Some of us still carry home bags full of student work. Yuck! I know I hated those days. Stuff would get lost (I mean mis-placed), I would spill things on work, sometimes names weren't written on work samples. It got pretty annoying at times. I know you've felt the same. 

With the adoption of Google Apps for Education (#GAFE) the transition from collecting concrete paper work samples to digital samples has been a breath of fresh digital air. 


Photo Taken from Stefanie Knowlton article: Mentoring pays off for Salem-Keizer teachers


Ok so even if you are not a techie...its still pretty easy. Let me show you. Actually here is Avi Spector who can show you how he can easily record video through the Google Drive app and have it uploaded without worry. 



Avi shows us the simplicity of recording video. Lets say your students doing a presentation and you wanted to assess it at another time. Or better yet, why don't you put the ownership in the hands of the students! Provide students with a device and allow them to take the video and upload it to a shared Google Drive folder. The recording is done for you and all you have to do now as a teacher is simply watch it and provide feedback. 

How much extra work did that take? Virtually none. And how much work did you carry home in your bag? Here let me check your bag for you... wow there's nothing in there but an empty lunch bag. Great work teacher! You are well on your way to having more free time for yourself.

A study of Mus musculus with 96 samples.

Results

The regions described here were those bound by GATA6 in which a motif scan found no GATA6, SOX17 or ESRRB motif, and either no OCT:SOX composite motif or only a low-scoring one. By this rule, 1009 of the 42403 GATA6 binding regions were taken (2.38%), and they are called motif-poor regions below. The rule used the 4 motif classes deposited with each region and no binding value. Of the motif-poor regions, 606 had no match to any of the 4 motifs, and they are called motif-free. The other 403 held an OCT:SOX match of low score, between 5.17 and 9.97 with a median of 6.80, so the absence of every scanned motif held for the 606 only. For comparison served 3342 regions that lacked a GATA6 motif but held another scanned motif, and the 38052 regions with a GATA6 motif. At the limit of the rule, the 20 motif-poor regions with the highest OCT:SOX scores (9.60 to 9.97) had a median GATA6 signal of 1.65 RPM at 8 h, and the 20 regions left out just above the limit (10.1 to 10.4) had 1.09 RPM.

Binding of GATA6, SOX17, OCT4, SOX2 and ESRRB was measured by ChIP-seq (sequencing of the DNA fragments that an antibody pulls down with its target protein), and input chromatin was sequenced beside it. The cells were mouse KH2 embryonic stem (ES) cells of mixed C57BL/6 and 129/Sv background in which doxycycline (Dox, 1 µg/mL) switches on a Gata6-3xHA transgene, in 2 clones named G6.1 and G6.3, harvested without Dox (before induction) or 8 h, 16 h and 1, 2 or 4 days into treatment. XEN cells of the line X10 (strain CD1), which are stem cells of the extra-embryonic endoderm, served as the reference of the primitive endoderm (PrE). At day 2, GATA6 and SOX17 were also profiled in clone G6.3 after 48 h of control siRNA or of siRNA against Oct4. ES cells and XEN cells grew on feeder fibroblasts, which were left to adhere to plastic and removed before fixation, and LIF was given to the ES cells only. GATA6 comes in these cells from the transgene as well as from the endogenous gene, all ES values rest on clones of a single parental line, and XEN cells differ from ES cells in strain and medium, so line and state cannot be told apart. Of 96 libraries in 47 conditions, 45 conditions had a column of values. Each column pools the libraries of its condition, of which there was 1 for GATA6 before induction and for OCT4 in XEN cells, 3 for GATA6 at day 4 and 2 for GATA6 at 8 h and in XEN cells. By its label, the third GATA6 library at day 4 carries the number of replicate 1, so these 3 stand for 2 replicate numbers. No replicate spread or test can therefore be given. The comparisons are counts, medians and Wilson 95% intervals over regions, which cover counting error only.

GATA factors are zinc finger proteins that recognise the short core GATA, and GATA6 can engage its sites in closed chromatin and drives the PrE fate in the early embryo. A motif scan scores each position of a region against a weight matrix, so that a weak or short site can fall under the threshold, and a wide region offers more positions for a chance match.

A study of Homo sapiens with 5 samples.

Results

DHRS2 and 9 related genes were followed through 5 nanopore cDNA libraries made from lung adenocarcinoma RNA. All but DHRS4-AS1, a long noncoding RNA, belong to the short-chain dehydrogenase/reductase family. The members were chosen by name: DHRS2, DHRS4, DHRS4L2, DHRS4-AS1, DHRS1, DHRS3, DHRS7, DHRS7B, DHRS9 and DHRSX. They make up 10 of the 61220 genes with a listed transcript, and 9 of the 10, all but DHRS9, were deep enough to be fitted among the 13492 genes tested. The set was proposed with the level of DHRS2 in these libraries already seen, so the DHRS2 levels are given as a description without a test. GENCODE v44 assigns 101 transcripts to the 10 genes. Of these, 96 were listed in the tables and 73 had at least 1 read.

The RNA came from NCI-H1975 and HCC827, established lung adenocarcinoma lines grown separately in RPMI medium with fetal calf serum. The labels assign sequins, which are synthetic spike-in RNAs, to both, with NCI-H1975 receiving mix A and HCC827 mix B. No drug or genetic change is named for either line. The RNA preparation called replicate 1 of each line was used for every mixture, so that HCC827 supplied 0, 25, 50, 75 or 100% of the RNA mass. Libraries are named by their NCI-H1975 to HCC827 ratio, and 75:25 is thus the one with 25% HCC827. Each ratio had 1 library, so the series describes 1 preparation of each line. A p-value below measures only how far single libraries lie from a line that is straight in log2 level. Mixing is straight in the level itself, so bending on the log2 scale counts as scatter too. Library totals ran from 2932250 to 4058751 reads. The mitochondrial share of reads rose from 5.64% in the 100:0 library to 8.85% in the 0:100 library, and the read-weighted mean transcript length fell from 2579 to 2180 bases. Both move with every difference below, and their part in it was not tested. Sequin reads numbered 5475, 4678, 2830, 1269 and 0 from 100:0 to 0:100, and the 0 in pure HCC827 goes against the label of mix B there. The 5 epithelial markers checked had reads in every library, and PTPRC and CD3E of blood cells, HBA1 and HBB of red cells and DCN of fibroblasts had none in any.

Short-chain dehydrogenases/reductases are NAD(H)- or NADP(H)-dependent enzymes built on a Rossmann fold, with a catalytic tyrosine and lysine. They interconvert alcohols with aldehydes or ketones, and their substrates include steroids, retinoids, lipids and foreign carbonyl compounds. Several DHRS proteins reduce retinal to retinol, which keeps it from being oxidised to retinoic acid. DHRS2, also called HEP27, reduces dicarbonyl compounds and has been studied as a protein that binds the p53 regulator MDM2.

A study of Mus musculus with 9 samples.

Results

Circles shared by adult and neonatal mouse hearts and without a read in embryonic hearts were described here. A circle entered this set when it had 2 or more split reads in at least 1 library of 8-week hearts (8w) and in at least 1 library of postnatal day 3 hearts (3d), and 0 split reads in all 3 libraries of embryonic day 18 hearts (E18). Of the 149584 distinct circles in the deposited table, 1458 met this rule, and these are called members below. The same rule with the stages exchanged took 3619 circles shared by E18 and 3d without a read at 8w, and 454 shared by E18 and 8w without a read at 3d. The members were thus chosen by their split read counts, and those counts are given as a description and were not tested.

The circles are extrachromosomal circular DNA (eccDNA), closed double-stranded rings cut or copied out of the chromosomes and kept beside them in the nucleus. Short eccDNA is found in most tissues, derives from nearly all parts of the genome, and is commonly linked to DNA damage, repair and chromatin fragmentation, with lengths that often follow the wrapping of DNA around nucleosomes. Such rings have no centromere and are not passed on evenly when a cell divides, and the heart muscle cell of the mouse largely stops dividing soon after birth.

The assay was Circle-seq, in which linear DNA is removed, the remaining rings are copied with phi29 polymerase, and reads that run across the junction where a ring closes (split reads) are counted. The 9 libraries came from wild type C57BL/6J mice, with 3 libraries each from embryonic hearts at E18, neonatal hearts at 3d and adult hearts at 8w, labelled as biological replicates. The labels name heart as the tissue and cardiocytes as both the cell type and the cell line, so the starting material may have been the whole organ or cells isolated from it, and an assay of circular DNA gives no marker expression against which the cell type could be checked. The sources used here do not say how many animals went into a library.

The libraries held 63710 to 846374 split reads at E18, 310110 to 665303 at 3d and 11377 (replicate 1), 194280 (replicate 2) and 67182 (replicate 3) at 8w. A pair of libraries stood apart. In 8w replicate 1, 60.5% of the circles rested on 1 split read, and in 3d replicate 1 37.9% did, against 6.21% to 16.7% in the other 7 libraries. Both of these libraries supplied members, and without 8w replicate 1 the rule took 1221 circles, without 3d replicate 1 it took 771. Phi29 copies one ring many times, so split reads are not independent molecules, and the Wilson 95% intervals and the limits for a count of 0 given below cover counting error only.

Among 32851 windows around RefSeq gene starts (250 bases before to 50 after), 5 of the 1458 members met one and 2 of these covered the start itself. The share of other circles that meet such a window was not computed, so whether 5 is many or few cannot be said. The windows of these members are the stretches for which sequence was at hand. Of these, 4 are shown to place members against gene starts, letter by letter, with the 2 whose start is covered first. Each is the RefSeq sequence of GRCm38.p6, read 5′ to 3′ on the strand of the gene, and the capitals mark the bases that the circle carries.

Here are a few things to consider when taking a video:
  • Who is looking at the video? Ethically, is it ok to share this video with other teachers? Parents? Students? 
  • Have you received permission from the student(s) to video record them?
  • Is it your personal devices or a school device or a student device that is being used to record? 
All of these issues are concerns that every teacher needs to address and discuss with their students and or site administrator for possible legal and ethical reasons. 

If you have any thoughts about what you have read or have come across any issues yourself, please share with us below in the comment section or drop us a line on Twitter @inquireinspire. 

Part II will look at documenting student data through observation, anecdotal notes.